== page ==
Recently I realized that the way to write the number 40 in Roman numerals is “XL.” Since I’m well over six feet tall, I’ve dealt with those two letters most of my life. I’m now dealing with them in a new way as I turn 40 this year. I guess you could call the “Big 4-0” the “XL XL.” That’s a fitting title for this birthday that, in our culture, is more talked about, more dreaded, more viewed as a landmark than perhaps any other. As the realization of my impending arrival at that landmark came to me in recent weeks, it has certainly had an impact. My thoughts about the past have been heady with emotion, while my thoughts of the future have become more focused than ever. In no particular order, here are some observations as I reach this milestone birthday:
Your younger years set the course for your life. Those from school whom you would have expected to achieve have generally done so; those who did not seem to desire to accomplish anything have usually lived up (or down) to that.
Achievement doesn’t always mean financial success or renown. Some people I grew up with have little financial means but enjoy a wonderful life with their family. Others have done very well financially but are not personally fulfilled. Finances may make parts of life better, but a happy life requires much more.
“It’s who you know” is truer than you think. Not so much in the cliche sense, though. If you want to make an impact on the world…well, the world is really just a bunch of people. The more you take the time to know, the better your chance to change the world.
Work hard. Do all you can to get educated and prepared, but when it’s time to dig in, there will be no substitute for working hard to reach your goal.
Care for your family. My calling as a pastor has taken us far away from our extended family. At the same time, it has made me realize their importance and their irreplaceability. And it makes me think about how to stay close to our own children if we are eventually miles apart. We have a lot of friends, but even so, sometimes family is all you have. Do what you can to maintain those ties.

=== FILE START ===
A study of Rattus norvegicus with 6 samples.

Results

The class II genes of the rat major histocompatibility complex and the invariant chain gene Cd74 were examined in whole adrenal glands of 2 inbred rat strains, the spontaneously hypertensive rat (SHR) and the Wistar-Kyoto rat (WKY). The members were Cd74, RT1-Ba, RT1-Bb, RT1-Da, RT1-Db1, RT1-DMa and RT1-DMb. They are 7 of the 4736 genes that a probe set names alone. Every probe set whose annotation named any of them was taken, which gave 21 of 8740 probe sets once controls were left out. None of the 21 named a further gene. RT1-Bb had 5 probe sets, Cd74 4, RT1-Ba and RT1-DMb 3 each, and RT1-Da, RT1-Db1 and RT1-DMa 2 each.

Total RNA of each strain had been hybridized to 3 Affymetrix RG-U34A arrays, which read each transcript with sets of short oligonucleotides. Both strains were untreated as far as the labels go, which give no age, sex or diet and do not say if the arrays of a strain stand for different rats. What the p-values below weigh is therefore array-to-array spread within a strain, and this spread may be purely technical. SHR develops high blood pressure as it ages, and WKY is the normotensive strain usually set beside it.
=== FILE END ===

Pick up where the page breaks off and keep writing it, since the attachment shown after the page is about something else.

You have less time than you think. If there is a truth that everyone talks about and no one fully comprehends, I think it’s that one. Time is so short. But it’s not too short; the key is using it the right way. That mindless television show? Maybe exchange it for talking with your spouse or a friend. That Saturday of Netflix? Maybe spend it outside. That hour of doing nothing on Sunday morning? Maybe go to church instead. While I have regrets about things I’ve done, I have far more regrets over wasted time and wasted opportunities.
Seek God. Everyone wants a moral compass, a purpose in life, an answer to the difficult questions. Unfortunately, most of us decide to settle for the answers we like and then attribute them to deity or the universe. Take the time instead to seek out Who God really is and to understand that His ways may be higher and better than your own. Truthfully, it’s harder than it sounds. But if we want true peace of mind for our life–never mind for our eternity–it’s the only valid course.
There are certainly more lessons I’ve learned, and doubtless many more that I need to learn. What would you add to this list? I’d love to hear from you.